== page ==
Registration limits put on business and accounting courses

Callie Ramsey

Registration is a stressful time, so imagine the way the sophomore business and accounting majors felt when the following message from Bob Ballenger, Head of the Business Administration Department, hit their inbox.

“Due to the high number of expected Business Administration majors in the sophomore class and, consequently, the high demand for the core Business courses . . . During the initial registration period for sophomores, Thursday Nov 6, you will be allowed to register for only ONE Business course.”

Sophomores have expressed a lot of frustration with this policy.

“It makes it really hard to major in what you want to major in and go abroad if you cannot even get into the classes you need,” Parker Hamill, a sophomore business major, said.

Robert Straughan, Associate Dean of Williams School, explained that a significant spike in the number of Business Administration and Accounting majors occurred two years ago. The number of students enrolled in these two programs practically doubled with the current senior class.

When asked how the Williams School plans to accommodate all of the interested students, Straughan said the faculty has considered several options.

“Obviously we have a finite capacity because we want to keep the small class sizes,” Straughan said.

Straughan said he believes that the small classes are a large part of what makes W&L what it is. A class size of 25 is considered large and unideal to Straughan, so he cannot imagine raising that number to forty. This option is routinely rejected when considering solutions.

He also raises the point that while sophomores see the current policy as a restriction, it is actual an opportunity they would not have had under the old registration model which was in place two years ago.

“It used to be so that the seniors who had already completed their major would continue to register for business classes because it was what they were interested in and familiar with,” Straughan said. “And then the juniors would load up under the pressure of having declared their majors and having determined what they were passionate about, and that meant nothing was left for the sophomores.”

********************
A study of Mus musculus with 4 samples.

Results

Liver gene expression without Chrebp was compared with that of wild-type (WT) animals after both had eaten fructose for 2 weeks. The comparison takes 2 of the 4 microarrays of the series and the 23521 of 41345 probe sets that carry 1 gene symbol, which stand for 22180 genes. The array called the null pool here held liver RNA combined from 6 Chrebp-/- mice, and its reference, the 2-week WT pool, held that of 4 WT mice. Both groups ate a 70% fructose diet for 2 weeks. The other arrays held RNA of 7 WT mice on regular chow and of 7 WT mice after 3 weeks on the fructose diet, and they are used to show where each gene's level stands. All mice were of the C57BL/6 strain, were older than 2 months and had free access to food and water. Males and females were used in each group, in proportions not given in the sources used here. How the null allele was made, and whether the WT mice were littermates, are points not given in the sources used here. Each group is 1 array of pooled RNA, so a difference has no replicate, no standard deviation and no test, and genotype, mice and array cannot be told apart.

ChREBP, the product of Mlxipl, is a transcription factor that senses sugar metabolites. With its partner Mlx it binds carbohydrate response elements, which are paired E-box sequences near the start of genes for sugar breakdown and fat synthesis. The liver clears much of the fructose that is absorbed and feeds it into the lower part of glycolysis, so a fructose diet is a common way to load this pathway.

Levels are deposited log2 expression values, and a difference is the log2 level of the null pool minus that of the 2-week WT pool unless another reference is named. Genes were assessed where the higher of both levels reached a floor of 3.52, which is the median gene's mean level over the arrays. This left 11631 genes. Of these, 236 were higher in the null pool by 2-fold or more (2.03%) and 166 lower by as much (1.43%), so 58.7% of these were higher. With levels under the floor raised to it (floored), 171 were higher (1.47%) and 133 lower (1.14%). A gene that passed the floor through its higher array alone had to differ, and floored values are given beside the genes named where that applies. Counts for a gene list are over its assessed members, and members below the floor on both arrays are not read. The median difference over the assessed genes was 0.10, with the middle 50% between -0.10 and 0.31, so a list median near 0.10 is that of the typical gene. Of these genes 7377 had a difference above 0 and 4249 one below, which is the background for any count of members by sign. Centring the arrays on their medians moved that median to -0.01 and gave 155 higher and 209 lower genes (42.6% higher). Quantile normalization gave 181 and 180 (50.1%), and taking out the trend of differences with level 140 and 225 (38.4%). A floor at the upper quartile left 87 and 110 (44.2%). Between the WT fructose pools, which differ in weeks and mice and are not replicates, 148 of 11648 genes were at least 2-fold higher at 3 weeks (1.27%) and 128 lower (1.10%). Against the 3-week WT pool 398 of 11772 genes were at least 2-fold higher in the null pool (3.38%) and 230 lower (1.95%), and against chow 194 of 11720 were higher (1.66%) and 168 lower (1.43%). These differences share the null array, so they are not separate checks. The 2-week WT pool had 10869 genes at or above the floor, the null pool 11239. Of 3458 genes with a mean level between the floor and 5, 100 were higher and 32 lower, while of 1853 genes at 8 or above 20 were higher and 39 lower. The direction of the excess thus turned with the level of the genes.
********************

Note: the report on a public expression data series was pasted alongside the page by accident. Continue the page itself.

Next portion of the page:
With the new model juniors cannot initially register for more than two, which enables the sophomores to register for one.

The new model also leaves room for non-majors. According to Straughan, professors want a broad range of majors so that there is a diversity of perspectives in the classroom.

Aside from increasing class sizes, the Williams School has also considered requiring admissions criteria for the major but has rejected this idea because it goes against the fundamental principle that students can take so many cross discipline courses at W&L.

“On one hand I understand why they have to do it, however I think the registration cap should be lifted for those who have already declared,” said Sophomore Rhett Baker. “A lot of the issue is that they’re working off of expected numbers of majors, and they don’t know how that’ll actually turn out till next semester. They should reward forward thinking and those who already know that’s what they want to do and officially state it.”

According to Straugh, the high number of Business and Accounting majors has put a strain on the faculty.

“We have been operating over capacity for a few years now,” Straugh said.

Straughan says faculty choose W&L for the research opportunities, the ability to teach across disciplines and to teach small classes on very specific topics. The strain means that the faculty have to pull back from that in order to be able to provide the basics required for all these students to graduate and it effect on the Williams School as well as other departments.

Straughan said that the best solution for now lies with the students.

“I would ask students to seriously consider the reasons why they are double majoring, Straughan said. “It would be my encouragement to students to major in what you’re passionate about. The W&L reality is that you don’t have to have a certain major to be in a certain career.”